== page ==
Fictional Misconceptions

4 thoughts on “Fictional Misconceptions”

  1. Greetings from India. It’s not every morning one wakes to find someone has found my work of use, let alone that I’ve ‘blessed the internet’ with it. What a happy thought! Reading accounts like yours makes sharing worthwhile – many thanks.

    I needn’t tell you that what you’ve tried to do in your post is extremely difficult – you’ll be only too aware of the counter-examples that threaten the legitimacy of defining characteristics, as I was when I wrote my thesis and tried to define literary minimalism. Yet, it’s a process worth doing, especially when teaching demands some firm answers (or at least starting points) when thinking about the differences between genres. I sense that your work here will be invaluable to your students and to those who read it and teach, too.

    Best to you

    Phil Greaney
    New Delhi, India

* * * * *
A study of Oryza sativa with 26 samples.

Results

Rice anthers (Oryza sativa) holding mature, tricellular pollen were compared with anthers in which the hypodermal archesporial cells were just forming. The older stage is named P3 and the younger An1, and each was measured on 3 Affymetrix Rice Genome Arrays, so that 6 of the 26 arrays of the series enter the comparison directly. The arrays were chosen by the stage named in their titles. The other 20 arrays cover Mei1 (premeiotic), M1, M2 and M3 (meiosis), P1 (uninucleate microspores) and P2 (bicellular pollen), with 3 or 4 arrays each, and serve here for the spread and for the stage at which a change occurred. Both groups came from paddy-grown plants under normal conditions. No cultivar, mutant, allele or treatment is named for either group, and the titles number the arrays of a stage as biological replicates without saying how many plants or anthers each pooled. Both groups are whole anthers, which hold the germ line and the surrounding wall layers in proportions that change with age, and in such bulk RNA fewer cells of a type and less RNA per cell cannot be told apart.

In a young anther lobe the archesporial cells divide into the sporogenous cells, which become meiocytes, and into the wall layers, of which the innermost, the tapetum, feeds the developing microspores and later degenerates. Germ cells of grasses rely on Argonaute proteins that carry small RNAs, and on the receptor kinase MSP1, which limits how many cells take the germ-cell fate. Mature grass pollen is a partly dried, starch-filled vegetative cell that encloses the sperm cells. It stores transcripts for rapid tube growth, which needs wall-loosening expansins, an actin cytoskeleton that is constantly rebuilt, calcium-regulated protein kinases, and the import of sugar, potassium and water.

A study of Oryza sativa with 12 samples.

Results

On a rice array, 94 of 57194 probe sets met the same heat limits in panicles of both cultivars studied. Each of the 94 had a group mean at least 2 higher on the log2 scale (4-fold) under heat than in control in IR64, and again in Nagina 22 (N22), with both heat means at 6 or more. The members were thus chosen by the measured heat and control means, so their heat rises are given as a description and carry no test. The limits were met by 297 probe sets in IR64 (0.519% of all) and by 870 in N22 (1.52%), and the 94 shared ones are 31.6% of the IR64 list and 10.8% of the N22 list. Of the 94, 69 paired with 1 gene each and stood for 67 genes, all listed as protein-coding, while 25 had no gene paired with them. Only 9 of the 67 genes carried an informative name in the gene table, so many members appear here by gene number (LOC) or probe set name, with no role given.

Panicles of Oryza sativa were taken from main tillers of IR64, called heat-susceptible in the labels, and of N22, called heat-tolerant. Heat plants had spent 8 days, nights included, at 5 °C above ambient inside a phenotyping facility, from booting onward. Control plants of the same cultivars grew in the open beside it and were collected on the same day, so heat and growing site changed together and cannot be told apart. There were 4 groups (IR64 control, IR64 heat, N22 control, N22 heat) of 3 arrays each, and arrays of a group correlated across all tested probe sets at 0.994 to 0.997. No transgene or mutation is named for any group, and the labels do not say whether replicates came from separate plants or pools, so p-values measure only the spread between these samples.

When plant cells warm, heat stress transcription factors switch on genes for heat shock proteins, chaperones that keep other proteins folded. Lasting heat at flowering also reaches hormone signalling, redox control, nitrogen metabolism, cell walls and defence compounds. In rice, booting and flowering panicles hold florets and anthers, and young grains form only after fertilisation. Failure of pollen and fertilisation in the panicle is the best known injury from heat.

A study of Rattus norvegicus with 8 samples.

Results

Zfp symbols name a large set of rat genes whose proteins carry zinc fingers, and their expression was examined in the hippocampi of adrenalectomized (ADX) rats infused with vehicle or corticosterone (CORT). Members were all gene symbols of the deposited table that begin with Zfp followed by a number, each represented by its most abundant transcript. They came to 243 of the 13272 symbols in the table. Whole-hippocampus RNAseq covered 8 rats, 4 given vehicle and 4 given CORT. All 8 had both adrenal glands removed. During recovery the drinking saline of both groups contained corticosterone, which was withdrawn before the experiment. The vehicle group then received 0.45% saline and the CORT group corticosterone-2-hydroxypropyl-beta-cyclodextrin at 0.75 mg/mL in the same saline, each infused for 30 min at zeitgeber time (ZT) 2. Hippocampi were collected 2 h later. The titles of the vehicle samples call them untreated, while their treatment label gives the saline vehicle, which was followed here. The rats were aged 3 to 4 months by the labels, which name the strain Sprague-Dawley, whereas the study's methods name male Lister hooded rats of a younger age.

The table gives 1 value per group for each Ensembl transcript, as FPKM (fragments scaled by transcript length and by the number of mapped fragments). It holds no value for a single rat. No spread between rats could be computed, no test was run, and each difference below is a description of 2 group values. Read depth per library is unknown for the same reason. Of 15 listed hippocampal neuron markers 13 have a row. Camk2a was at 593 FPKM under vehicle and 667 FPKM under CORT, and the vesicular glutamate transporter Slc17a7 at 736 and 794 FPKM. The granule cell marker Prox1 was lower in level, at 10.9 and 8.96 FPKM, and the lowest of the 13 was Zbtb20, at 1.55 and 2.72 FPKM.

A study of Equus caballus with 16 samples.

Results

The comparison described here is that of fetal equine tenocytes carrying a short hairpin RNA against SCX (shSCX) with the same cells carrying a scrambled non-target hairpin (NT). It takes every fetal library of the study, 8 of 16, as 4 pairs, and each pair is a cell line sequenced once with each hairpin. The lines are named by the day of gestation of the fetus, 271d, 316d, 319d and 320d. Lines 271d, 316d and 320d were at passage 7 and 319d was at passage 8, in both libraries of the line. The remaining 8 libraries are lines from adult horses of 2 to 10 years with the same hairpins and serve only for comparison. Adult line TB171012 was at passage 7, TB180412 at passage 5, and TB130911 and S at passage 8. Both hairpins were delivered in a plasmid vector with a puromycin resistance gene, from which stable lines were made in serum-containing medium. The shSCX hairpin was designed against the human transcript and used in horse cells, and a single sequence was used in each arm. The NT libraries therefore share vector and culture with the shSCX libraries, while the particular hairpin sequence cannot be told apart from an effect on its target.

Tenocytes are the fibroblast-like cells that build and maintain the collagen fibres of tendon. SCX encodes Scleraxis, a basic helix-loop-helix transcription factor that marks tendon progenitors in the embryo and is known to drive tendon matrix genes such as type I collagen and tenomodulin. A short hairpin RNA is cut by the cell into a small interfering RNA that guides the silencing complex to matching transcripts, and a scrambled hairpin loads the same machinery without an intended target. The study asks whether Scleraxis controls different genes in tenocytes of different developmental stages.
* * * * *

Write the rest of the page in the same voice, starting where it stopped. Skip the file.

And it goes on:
1. Hey! What a great honor to have your reply. Yes, I absolutely expect that there will be dissent, and I have to tell you it takes some courage to be public about such assertions especially as a teacher. I teach undergraduates and helping them develop even a basic discernment involved in the different forms will, I think, be a good starting point for their future explorations. I don’t know whether your full thesis is published yet or not, but I know I’ll want to read a copy soon.

      1. If you can get me your email – I’d rather not publish mine here – I will send you an electronic copy of my thesis. Unless you have a better idea, I’m @philgreaney on Twitter; a DM will keep the spambots away.

      2. Hi Phil. Sorry: for some reason I was sure I had replied to this but apparently did not. I’d love to get an electronic copy of your thesis. You can send it to my email at lvaleri@ georgiasouthern.edu. Thank you again.